Text style transfer aims to modify the style of a sentence while keeping its content unchanged. Recent style transfer systems often fail to faithfully preserve the content after changing the style. This paper proposes a structured content preserving model that leverages linguistic information in the structured fine-grained supervisions to better preserve the style-independent content during style transfer. In particular, we achieve the goal by devising rich model objectives based on both the sentence's lexical information and a language model that conditions on content. The resulting model therefore is encouraged to retain the semantic meaning of the target sentences. We perform extensive experiments that compare our model to other existing approaches in the tasks of sentiment and political slant transfer. Our model achieves significant improvement in terms of both content preservation and style transfer in automatic and human evaluation.
Non-parallel text style transfer has attracted increasing research interests in recent years. Despite successes in transferring the style based on the encoder-decoder framework, current approaches still lack the ability to preserve the content and even logic of original sentences, mainly due to the large unconstrained model space or too simplified assumptions on latent embedding space. Since language itself is an intelligent product of humans with certain grammars and has a limited rule-based model space by its nature, relieving this problem requires reconciling the model capacity of deep neural networks with the intrinsic model constraints from human linguistic rules. To this end, we propose a method called Graph Transformer based Auto Encoder (GTAE), which models a sentence as a linguistic graph and performs feature extraction and style transfer at the graph level, to maximally retain the content and the linguistic structure of original sentences. Quantitative experiment results on three non-parallel text style transfer tasks show that our model outperforms state-of-the-art methods in content preservation, while achieving comparable performance on transfer accuracy and sentence naturalness.
Text style transfer seeks to learn how to automatically rewrite sentences from a source domain to the target domain in different styles, while simultaneously preserving their semantic contents. A major challenge in this task stems from the lack of parallel data that connects the source and target styles. Existing approaches try to disentangle content and style, but this is quite difficult and often results in poor content-preservation and grammaticality. In contrast, we propose a novel approach by first constructing a pseudo-parallel resource that aligns a subset of sentences with similar content between source and target corpus. And then a standard sequence-to-sequence model can be applied to learn the style transfer. Subsequently, we iteratively refine the learned style transfer function while improving upon the imperfections in our original alignment. Our method is applied to the tasks of sentiment modification and formality transfer, where it outperforms state-of-the-art systems by a large margin. As an auxiliary contribution, we produced a publicly-available test set with human-generated style transfers for future community use.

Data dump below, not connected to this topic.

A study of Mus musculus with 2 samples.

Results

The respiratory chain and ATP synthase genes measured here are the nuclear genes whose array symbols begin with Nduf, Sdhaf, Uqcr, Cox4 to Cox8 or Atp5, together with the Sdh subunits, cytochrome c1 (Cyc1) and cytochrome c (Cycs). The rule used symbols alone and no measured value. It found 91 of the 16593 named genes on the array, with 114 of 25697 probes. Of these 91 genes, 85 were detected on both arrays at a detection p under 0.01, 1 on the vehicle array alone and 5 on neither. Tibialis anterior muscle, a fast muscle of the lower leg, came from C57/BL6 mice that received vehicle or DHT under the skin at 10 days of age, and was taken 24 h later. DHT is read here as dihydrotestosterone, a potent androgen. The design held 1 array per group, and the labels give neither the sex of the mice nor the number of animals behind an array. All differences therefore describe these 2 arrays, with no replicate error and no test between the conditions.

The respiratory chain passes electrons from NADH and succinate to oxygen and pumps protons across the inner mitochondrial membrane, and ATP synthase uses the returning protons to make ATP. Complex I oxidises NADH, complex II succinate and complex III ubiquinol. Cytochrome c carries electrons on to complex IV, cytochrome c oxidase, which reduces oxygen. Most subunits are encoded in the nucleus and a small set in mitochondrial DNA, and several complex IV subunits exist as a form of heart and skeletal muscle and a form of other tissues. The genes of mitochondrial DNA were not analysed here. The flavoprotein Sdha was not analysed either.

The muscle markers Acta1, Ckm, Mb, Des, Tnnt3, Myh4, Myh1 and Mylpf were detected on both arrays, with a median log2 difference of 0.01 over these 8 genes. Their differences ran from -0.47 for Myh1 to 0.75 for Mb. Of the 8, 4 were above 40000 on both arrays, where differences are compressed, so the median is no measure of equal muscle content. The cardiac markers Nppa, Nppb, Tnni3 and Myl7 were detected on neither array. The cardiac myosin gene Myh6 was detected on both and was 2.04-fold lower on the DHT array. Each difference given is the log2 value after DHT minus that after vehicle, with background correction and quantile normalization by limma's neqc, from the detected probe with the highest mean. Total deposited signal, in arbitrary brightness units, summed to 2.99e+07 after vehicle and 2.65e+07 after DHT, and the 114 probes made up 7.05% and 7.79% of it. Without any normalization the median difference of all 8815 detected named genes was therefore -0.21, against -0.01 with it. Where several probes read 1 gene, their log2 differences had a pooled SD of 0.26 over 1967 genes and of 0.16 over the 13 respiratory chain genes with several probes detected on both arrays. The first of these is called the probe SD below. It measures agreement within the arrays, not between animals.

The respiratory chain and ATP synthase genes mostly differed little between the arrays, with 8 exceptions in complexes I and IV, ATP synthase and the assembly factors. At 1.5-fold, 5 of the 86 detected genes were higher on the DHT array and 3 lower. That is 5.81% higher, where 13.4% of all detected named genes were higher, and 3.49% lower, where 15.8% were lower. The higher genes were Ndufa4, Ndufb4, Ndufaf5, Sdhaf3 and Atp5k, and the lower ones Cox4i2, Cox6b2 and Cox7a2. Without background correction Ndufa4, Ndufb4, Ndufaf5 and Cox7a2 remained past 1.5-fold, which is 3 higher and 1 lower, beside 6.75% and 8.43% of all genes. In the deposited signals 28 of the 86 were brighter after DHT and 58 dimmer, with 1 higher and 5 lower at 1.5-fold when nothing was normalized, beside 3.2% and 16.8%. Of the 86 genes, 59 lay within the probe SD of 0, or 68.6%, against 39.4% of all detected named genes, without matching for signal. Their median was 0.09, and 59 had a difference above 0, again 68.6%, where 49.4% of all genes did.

Text style transfer aims to alter the style (e.g., sentiment) of a sentence while preserving its content. A common approach is to map a given sentence to content representation that is free of style, and the content representation is fed to a decoder with a target style. Previous methods in filtering style completely remove tokens with style at the token level, which incurs the loss of content information. In this paper, we propose to enhance content preservation by implicitly removing the style information of each token with reverse attention, and thereby retain the content. Furthermore, we fuse content information when building the target style representation, making it dynamic with respect to the content. Our method creates not only style-independent content representation, but also content-dependent style representation in transferring style. Empirical results show that our method outperforms the state-of-the-art baselines by a large margin in terms of content preservation. In addition, it is also competitive in terms of style transfer accuracy and fluency.
In this work, we address the problem of modifying textual attributes of sentences. Given an input sentence and a set of attribute labels, we attempt to generate sentences that are compatible with the conditioning information. To ensure that the model generates content compatible sentences, we introduce a reconstruction loss which interpolates between auto-encoding and back-translation loss components. We propose an adversarial loss to enforce generated samples to be attribute compatible and realistic. Through quantitative, qualitative and human evaluations we demonstrate that our model is capable of generating fluent sentences that better reflect the conditioning information compared to prior methods. We further demonstrate that the model is capable of simultaneously controlling multiple attributes.